Review: Lonesome and the Curse of the Partial Talkie

If you are a classic film fan who likes to own DVDs, you no doubt know about Criterion. Criterion continues to releases dozens upon dozens of classic films on Blu-Ray and DVD. Just browsing their site for movies can become an hours long event. Once, I came across an apparent silent film from 1928 called Lonesome, which I had never seen nor heard of before. The very few reviews online indicated that this was indeed a classic, but mostly unknown, film. With such high praise, I made the purchase.

Yes, Lonesome is absolutely a classic. Although it is very simplistic, the simple story is very completing and engrossing thanks to the two main characters. The plot: a man and woman meet and have a fantastic time an amusement park, until they get separated and can no longer find each other. There is nothing more to it than that, and nothing more is needed. Within that is a story that is at times romantic, funny and heart wrenching.

The atmosphere in the film is tremendous. Throughout the entire time, the beach and the amusement park (the two main settings) appear to be in a frenzy–people everywhere partying and having a good time. The use of color for some moments accentuates the raucous scenes.


But the true magic of the film lies with the stars: Barbara Kent and Glenn Tryon. The two are immediately charming and likable, their romance a natural one. Strong chemistry is there the whole time, as we enjoy their time together and become attached to their relationship. And so, when the two are separated and all is hopeless, it becomes a heart wrenching experience for the viewer as well. Kent and Tryon are the perfect on screen couple. Together with frenetic and fast-paced direction from Paul Fejos.

The film has only one major flaw, and it’s a bit of doozy. There are three sound scenes in this otherwise slim, and they are just downright awful. Imagine the attempts at dialogue shown in Singin’ in the Rain and you’ll have a good idea of what it’s like. The film’s frenetic pace grinds to a halt, leaving the camera completely stationary for long periods of time as they talk. It doesn’t sound good, and the dialogue is in and and pointless. The gimmick grinds the film down a half which, thankfully enough, it does recover from.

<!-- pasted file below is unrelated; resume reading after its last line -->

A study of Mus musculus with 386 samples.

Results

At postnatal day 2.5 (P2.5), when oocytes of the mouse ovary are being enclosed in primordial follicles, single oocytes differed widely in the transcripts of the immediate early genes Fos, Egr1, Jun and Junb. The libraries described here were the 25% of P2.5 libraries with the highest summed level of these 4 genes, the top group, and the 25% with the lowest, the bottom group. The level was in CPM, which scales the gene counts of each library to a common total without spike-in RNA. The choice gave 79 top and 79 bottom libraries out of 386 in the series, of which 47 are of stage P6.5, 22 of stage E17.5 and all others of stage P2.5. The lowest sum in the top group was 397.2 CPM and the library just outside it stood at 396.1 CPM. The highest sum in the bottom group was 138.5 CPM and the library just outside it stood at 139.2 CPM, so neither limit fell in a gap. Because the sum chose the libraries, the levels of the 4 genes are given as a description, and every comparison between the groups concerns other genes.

Although the sound and dialogue is of poor quality in Lonesome, I’ve since come to realize that this wasn’t the only problem with it being a partial talkie. The partial talkie itself just is a problem. The significance of The Jazz Singer is obvious, and the songs are the most memorable and greatest part of the film. But it still a partial talkie. There is something a little jarring about Jolson talking and then within the same scene is no longer talking. It is almost a distraction, and it certainly is jarring and takes out of the movie.

For some other films, the addition of sound is especially frivolous. The First Auto is a miserable enough film on it’s own, a completely depressing tale which Dickens would have found to be heavy handed that masquerades as a comedy. The addition of sound in the movie is absurd. Imagine going to see a movie to hear the new sound technology, only to find out there’s scattered utterances of one syllable words like “bob.” Yes, that is exactly what happens in The First Auto. The sound added is a complete non-entity.
Maybe at the time partial talkies were exciting, but it doesn’t work for this pair of modern eyes. At best, it is a bit of a distraction. At worst, it brings down the quality of the movie. So please, go see Lonesome. Just pay no attention to the talking.

TCM Silent Film Schedule: September

Summer Under the Stars is over, but there still aren’t a lot of silent films on TCM this month. There are eight total, three of which star Greta Garbo.

Within Our Gates: A very historically significant film, this is considered by some to be a response to DW Griffith’s Birth of a Nation. It is a counterpoint to Griffith’s film, showing the unfair treatment of African Americans in the United States. Directed by Oscar Micheaux, it is the oldest surviving film directed by an African American.

Exit Smiling: This comedy was directed by Sam Taylor, frequent collaborator of Harold Lloyd. Beatrice Lillie makes one of her very few film appearances, alongside Jack Pickford, brother of Mary Pickford.

A Lady of Chance: Although considered a silent film (the last star Norma Shearer would make), additional dialogue scenes were added in the wave of partial talkies. Shearer does not speak in the scenes.

Love: Although you wouldn’t be able to tell based on the title, this is an adaptation of Anna Karenina. Greta Garbo and John Gilbert, the biggest on screen couple at the time, star.
The Single Standard: Garbo stars in this one as well, playing a woman who decides to break society’s rules and have an affair.
Wild Orchids: Yet another Garbo film, where she plays opposite Nils Asther (her romantic interest).

Torrent: Yes, this is yet another Garbo film. In this one, she plays a peasant turned opera star.

The Phantom of the Opera: This is the famous Lon Chaney Sr. version, arguably one of the most well known films. It also features early Technicolor use. TCM will be airing the 1930 reissue, the most commonly seen version, which runs shorter than the original release.

The Merry Widow: This Erich von Stroheim film was adapted numerous times in the sound era. A technicolor scene is also in this film, although the surviving print does not contain the scene. Joan Crawford and Clark Gable make uncredited appearances.